Women's Sport in Iran: Pre-Revolution

This report is the first in a series on the situation of women's sport in Iran to be published by Small Media during the London 2012 Olympics. This piece gives a historical background, describing the status of women's sport in Iran before the 1979 Revolution.
  1. "Islamic women’s sport appears to be a contradiction in terms - at least this is what many in the West believe. … In this respect the portrayal of the development and the current situation of women’s sports in Iran is illuminating for a variety of reasons. It demonstrates both the opportunities and the limits of women in a country in which Islam and sport are not contradictions" (Pfister 2003: 207)
  2. As the Olympics approaches, and issues of women athletes from Muslim majority countries are splashed across the headlines, Small Media has embarked on a research of the history, structure and representation of women’s sport in Iran. This subject received much coverage in the wake of the disqualification of the Iranian women’s football team from Olympic qualifying under controversial circumstances. However, while there is a wealth of information about women’s sport in Iran after the revolution, there is a dearth on the pre-revolution period.

    To discuss women’s sporting in Iran without taking into consideration its evolution prior to the revolution, is to look at the present state of women’s sports in a vacuum. As the first in a series of reports on Iranian women’s sporting to be published by Small Media during the London 2012 Olympics, this piece describes the status of women’s sporting before the Iranian Revolution (1979), contextualising our upcoming reports, which explore more contemporary issues.

    Early Sporting in Iran

    Prior to the 1850s, the traditional emphasis on physical fitness and training in Iran was in the context of ‘being fit for war’. The long-held tradition of Iranian wrestling, which was practiced in Zurkhaneh (‘houses of strength’), along with emphases on horse riding and training with clubs, exemplifies this intersection of war and sport (Jahromi 2011; Chehabi 2002).

    With the increase in travel and international labour migration in the mid-19th century, and the spread of ideas associated with these population movements, modern sport and physical activities began to develop in Iran. However, it was not until the early 20th century when such ideas started being institutionalised by the state. For example, in 1919 Iran’s schools officially adopted the Swedish gymnastics system developed by Pehr Henrik Ling (Jahromi 2011; Chehabi 2002).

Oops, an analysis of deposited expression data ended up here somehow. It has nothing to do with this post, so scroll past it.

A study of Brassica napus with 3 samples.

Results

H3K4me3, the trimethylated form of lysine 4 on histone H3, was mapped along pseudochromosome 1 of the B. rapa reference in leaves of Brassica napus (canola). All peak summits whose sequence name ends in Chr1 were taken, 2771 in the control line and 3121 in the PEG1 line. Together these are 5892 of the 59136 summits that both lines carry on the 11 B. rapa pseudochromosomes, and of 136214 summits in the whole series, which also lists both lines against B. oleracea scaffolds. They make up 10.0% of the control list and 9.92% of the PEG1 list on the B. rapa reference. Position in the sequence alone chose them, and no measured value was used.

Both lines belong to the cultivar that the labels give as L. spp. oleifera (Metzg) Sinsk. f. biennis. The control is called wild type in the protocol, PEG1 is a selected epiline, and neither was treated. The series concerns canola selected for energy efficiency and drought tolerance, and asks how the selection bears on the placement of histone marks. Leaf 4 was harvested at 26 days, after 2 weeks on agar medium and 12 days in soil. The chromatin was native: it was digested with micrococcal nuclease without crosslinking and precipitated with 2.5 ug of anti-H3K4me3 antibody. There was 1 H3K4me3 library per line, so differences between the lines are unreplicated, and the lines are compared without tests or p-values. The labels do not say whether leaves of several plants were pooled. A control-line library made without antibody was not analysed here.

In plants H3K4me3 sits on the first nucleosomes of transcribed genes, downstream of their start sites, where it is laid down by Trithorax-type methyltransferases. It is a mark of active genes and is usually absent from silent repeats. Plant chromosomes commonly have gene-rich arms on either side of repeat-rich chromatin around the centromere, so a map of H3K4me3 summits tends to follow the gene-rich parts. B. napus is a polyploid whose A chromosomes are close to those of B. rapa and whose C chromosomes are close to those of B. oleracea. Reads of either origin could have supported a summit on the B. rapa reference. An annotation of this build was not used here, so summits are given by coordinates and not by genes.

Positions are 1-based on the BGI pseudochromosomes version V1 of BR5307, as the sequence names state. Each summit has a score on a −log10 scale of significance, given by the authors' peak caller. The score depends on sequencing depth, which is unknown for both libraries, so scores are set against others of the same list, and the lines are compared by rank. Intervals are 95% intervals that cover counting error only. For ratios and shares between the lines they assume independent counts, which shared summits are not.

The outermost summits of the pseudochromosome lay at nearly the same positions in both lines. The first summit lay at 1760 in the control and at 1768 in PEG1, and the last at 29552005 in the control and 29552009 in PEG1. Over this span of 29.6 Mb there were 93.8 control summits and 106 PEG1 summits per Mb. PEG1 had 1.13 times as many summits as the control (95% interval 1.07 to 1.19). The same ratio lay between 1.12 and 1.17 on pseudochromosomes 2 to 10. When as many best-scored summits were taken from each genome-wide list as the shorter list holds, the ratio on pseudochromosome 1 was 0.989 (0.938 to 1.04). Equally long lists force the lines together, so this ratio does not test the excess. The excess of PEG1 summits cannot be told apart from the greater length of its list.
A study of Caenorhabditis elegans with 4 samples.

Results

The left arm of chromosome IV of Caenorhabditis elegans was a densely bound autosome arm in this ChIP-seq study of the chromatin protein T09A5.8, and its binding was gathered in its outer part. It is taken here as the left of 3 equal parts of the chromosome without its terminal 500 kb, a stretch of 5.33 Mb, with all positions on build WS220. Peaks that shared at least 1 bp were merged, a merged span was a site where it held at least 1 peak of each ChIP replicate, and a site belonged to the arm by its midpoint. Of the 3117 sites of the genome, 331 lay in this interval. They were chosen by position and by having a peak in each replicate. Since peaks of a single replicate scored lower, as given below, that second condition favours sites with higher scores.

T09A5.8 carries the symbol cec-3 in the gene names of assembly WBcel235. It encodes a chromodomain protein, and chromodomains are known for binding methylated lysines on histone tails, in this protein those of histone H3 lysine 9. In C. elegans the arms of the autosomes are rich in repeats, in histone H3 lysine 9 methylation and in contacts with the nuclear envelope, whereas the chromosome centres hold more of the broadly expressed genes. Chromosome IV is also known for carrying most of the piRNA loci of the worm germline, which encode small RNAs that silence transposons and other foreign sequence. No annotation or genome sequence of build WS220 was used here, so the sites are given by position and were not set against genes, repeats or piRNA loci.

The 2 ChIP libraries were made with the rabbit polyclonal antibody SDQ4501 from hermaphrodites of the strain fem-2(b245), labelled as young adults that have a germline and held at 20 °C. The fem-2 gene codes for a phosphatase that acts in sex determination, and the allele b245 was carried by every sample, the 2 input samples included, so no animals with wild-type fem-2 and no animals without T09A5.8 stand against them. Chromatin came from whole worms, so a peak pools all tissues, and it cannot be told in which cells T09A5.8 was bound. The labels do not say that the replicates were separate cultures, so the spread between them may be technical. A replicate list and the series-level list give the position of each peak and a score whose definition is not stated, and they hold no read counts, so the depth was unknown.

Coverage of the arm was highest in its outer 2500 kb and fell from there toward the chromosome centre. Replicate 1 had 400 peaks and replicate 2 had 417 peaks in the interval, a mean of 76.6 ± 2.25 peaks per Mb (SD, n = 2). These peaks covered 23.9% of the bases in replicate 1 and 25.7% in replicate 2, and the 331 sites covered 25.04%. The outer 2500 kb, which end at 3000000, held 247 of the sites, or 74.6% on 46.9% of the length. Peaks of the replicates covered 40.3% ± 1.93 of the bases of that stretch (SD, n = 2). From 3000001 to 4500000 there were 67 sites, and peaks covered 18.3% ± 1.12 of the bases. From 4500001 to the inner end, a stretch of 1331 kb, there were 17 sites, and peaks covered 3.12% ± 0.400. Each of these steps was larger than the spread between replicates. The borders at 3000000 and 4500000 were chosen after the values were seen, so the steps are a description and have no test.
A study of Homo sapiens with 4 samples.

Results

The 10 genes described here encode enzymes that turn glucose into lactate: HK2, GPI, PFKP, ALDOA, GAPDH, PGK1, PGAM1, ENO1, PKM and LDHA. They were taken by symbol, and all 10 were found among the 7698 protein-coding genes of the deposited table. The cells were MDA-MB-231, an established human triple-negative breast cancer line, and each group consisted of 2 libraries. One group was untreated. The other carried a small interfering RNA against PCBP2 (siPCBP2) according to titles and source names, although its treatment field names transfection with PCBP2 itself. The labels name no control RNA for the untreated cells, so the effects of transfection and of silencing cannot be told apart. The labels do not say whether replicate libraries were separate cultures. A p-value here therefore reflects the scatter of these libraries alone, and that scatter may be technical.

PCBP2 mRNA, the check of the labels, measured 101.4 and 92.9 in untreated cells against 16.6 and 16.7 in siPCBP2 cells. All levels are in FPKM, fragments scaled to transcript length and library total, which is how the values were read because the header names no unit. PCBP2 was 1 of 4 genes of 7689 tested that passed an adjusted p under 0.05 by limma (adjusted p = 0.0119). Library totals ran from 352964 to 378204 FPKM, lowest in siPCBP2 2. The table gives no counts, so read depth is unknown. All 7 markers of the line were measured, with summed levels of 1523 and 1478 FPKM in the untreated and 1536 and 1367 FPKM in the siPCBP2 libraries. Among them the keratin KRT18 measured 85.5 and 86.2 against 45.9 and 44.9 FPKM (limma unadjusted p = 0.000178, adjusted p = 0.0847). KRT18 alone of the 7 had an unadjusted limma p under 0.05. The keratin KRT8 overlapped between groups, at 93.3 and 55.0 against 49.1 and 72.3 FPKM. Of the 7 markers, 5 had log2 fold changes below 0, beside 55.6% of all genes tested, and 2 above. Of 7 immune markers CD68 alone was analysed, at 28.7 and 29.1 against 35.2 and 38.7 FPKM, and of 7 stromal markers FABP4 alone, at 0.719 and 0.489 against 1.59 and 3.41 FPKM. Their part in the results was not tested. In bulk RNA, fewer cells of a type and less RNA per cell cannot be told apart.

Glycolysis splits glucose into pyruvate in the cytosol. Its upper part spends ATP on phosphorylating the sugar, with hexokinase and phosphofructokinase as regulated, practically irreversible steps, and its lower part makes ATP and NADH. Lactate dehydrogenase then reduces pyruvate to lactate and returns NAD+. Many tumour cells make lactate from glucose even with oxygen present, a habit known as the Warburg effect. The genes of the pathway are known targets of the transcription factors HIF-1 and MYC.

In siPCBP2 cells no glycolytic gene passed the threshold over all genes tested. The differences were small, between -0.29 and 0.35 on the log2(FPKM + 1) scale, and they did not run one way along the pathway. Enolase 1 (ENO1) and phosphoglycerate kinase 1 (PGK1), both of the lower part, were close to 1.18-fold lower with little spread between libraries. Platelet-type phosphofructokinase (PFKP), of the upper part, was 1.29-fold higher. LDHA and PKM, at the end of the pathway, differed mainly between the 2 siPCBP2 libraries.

Although such sports were almost exclusively male-only domains, with the coming of the Pahlavi dynasty in 1926, measures were introduced to include physical activities and education for women and girls. Reza Shah was a ‘moderniser’ (like his contemporary Mustafa Kemal Ataturk in Turkey), and saw European-style physical education and sport as integral to his plan. In 1927, compulsory physical education in schools for both boys and girls was approved by the Majles (Parliament) (Chehabi 2002).
  3. The Pahlavi Dynasty and Women’s Sport

    "Under the Shah’s regime, the sporting agenda was Westernisation and sport, and part of the nationalistic agenda focused on elite performers and international competitions in mixed-sex environments" (Jahromi 2011: 114)

    In 1934, Reza Shah declared the mandatory unveiling of women, and in 1935 established the state-sponsored Ladies’ Centre (Kanun-e Banovan), which became one of the main organisations pursuing women’s sport. However, as Leila Mouri and Kristin Soraya Batmanghelichi point out in their forthcoming article “Ex-sporting the Hejab: Reflections on the Discourse of Compulsory Hejab and Iranian Women’s Soccer” (2012; forthcoming),

    "These projects were mainly limited to the upper strata of society, and thus far women’s sports had not yet become a national pastime and concern. Still, pictures of Iranian female pilots or parachutists and young women’s and school girls’ sports training practices, appeared in Iranian journals and newspapers en masse" 

    Although conservatives opposed women’s sport and girls’ physical education, as the wearing of sportswear in public violated the Islamic dress code, women from non-devout upper and middle class backgrounds became increasingly involved in a diverse range of sports (Chehabi 2002). With the abdication of Reza Shah in 1941, his son, Mohammed Reza Shah, assumed the throne and continued his father’s modernisation agenda.